WASHINGTON — House Speaker Nancy Pelosi is attempting to line up consequential votes next week on President Joe Biden’s economic agenda, making a high-stakes wager that warring Democratic factions won’t sink the bills if their competing demands aren’t met.
At stake is the fate of the most significant investment in domestic programs in decades, totaling as much as $4 trillion in new spending on social programs like child care and elder care, as well as roads, bridges and other physical infrastructure.
Still, some Democrats on Friday expressed skepticism that their differences would be resolved so quickly.
Democratic leaders in both chambers for weeks have been navigating deep divisions between the party’s progressives and moderates, who differ on the size and scope of the larger of the two packages, a budget reconciliation bill totaling as much as $3.5 trillion.
House Majority Leader Steny Hoyer said early Friday that a House vote on the tax and social spending plan, worth as much as $3.5 trillion, next week was possible.
“That’s the plan,” Pelosi said.
While a critical step in the process, the move may not be enough to persuade progressive lawmakers who are the strongest supporters of the legislation to back a separate vote expected Monday on a bipartisan infrastructure bill. Biden on Friday cautioned that time will be needed to determine the outcome of his agenda later this year.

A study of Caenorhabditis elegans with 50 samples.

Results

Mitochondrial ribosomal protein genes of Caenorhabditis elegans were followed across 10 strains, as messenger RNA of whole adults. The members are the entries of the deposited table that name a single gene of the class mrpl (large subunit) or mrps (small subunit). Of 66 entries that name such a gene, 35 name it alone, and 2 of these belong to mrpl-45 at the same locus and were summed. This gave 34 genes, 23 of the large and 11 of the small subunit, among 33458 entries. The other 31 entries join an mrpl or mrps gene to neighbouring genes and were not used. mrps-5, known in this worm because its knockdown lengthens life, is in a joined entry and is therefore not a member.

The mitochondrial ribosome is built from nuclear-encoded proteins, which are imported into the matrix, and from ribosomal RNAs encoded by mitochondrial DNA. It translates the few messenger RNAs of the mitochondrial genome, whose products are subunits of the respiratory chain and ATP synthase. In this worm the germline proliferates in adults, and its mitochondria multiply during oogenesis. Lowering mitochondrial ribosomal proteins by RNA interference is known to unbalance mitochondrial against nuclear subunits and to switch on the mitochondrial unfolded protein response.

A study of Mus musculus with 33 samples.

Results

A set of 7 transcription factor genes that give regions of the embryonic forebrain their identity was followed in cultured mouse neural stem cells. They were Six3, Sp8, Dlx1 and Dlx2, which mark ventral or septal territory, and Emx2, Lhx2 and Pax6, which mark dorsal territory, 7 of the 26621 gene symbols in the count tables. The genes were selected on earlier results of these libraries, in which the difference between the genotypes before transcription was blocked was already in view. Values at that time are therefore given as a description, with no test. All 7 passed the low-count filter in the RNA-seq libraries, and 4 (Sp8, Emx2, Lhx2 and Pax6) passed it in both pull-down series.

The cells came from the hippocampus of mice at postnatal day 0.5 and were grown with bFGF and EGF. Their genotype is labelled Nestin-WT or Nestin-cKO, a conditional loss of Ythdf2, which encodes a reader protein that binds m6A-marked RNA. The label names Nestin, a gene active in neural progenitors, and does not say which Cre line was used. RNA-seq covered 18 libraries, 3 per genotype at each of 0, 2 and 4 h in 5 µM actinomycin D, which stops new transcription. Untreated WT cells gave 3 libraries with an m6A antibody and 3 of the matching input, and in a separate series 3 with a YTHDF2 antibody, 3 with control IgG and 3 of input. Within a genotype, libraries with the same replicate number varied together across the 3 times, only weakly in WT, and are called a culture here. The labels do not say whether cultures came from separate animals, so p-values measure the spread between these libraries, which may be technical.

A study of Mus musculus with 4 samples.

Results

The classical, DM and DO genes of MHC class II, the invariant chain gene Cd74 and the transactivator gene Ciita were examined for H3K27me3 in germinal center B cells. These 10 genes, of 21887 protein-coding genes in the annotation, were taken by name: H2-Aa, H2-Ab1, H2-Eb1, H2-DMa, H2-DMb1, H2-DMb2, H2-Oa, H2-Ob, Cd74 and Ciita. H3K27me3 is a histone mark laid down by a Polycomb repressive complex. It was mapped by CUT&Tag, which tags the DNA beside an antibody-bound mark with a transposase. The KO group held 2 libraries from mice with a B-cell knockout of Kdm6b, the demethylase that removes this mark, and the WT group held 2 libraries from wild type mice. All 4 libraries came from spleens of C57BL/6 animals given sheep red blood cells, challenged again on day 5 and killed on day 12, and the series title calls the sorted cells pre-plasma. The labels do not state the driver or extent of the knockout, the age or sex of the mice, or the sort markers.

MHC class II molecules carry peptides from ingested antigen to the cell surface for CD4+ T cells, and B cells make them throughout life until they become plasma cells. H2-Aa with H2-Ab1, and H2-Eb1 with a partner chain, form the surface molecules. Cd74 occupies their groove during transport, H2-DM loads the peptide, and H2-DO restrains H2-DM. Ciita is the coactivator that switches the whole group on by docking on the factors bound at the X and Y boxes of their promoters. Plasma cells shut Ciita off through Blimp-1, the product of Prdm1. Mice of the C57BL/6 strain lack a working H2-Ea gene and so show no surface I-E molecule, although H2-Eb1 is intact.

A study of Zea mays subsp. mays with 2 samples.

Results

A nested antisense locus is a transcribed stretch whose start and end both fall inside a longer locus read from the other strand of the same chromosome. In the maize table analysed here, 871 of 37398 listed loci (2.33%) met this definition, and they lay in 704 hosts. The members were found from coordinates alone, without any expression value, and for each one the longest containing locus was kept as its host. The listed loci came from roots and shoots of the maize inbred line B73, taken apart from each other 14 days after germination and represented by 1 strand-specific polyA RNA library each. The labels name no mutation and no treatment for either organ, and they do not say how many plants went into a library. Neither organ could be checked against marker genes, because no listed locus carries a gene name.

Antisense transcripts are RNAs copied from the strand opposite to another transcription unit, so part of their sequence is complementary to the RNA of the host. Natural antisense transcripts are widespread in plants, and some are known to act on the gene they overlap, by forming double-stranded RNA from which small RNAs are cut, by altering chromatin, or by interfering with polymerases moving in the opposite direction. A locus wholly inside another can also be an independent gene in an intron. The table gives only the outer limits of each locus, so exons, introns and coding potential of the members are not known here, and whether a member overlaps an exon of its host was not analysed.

Hoyer said the House may not actually complete work on the $550 billion infrastructure bill on Monday, an acknowledgment of the political difficulty ahead.
“We’ll have to see how the debate goes on Monday,” Hoyer said.
The roads-and-bridges bill has bipartisan support and has already passed the Senate, but House progressives have said they would block it if the larger package of social programs and tax increases does not receive a vote first. Progressives’ support for the infrastructure bill is likely vital for its passage through the closely divided House.